Seychelles’ Islands Development Company acquires third aircraft to meet increased demand
The Seychelles’ Islands Development Company (IDC) on Friday revealed a new addition to its aviation fleet to meet the continuous demands coming from clients and operators for flights to outer islands.
Dubbed S7-ALP after Alphonse, one of the islands managed by IDC, the newest addition is a Beechcraft 1900, the same model as two other crafts owned by the company.
The chief executive of IDC, Glenny Savy told the press that the acquisition is a big accomplishment for the company and will help greatly in meeting demand.
“When I first started working with IDC 40 years ago, we had to do long trips on boats regardless of the weather to reach the islands, and these were tough journeys. It was difficult for some youth to take up a career with IDC. I realised that aviation was key to our development,” said Savy.
He said that another aircraft was necessary as there are days when there are flights being operated to four different islands.
“To ensure that our clients get good service when they need it rather than when we are available, we decided to invest in the third Beechcraft. Even with three of these crafts, when the hotel on Platte island opens, it will not be enough and we will need to look further,” said Savy.
The company took a five-year loan with Al Salam bank to cover the cost of obtaining the aircraft which is made in America, though the manufacturing of this model ended in 2002. It cost about $2.5 million and IDC spent an additional $500,000 to improve and upgrade the craft.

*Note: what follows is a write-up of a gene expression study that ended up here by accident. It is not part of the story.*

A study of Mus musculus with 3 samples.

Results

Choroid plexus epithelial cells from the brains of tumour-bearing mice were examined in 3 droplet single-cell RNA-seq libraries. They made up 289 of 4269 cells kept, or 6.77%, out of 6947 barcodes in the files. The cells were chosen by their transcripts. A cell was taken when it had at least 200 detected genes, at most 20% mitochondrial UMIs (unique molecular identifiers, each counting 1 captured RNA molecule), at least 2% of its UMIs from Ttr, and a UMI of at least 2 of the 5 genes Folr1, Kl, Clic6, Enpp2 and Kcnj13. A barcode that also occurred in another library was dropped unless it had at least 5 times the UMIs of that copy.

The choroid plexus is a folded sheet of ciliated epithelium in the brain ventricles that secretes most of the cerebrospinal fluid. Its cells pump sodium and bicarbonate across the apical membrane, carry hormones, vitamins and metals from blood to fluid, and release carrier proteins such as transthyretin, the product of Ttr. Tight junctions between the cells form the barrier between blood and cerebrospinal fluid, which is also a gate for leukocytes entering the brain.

File Photo: Partial view of Coetivy island, one of the outer islands that will be serviced by the new Dornier plane (Seychelles News Agency) Photo License: CC-BY
IDC has 35 years of experience in aviation and for the first five years following the company’s creation in 1980 operations to outer islands depended greatly on Air Seychelles’ domestic service as IDC did not own any planes. Air travel brought tourists to Desroches following the opening of the hotel on the island while military planes operated other flights for IDC.
In 1985 the company bought its first plane, a Cessna Caravan 2 (F406) that could board up to 10 passengers. In the following years, IDC bought its second craft, a Caravan F406.
IDC obtained its first Beechcraft 1900 in 1998 with financing help from the government and in 2018 the company bought its second Beechcraft.
The third Beechcraft has the capacity to take up to 19 passengers on short flights and from 10 to 16 for longer ones, the same as the other two aircraft.
The general manager of aviation at IDC, Marcus Labrosse, said that “we choose this kind of aircraft as we have seen that it adapts better with the types of operations that IDC carries out, especially since our outer islands are scattered in the western Indian Ocean between 120 to 1,100 kilometres from Mahe.”
He said that in aviation operations when a company has the same plane model in its fleet, it brings several benefits which include the facilitation of maintenance, storage and importation of spare parts. It also reduces training costs for pilots.
“Even if IDC would like to have the same model of craft in its fleet, this is really difficult as there are certain islands that are small and this means that runways are shorter. For this, we need a plane that can land and take off in that small space. This is why IDC has no other choice but to invest in an islander craft really soon for such operations,” said Labrosse.
The CEO of IDC said the company is currently negotiating with the government to get extra areas to build new hangars and offices at Pointe Larue.
“If we can achieve this, we will be able to step up our game, and instead of Beechcraft, we will start investing in ATF-42, which is another type of aircraft that will bring about another dimension in development. It will not only be utilised by IDC but also meet our national security, medical and emergency needs,” he said.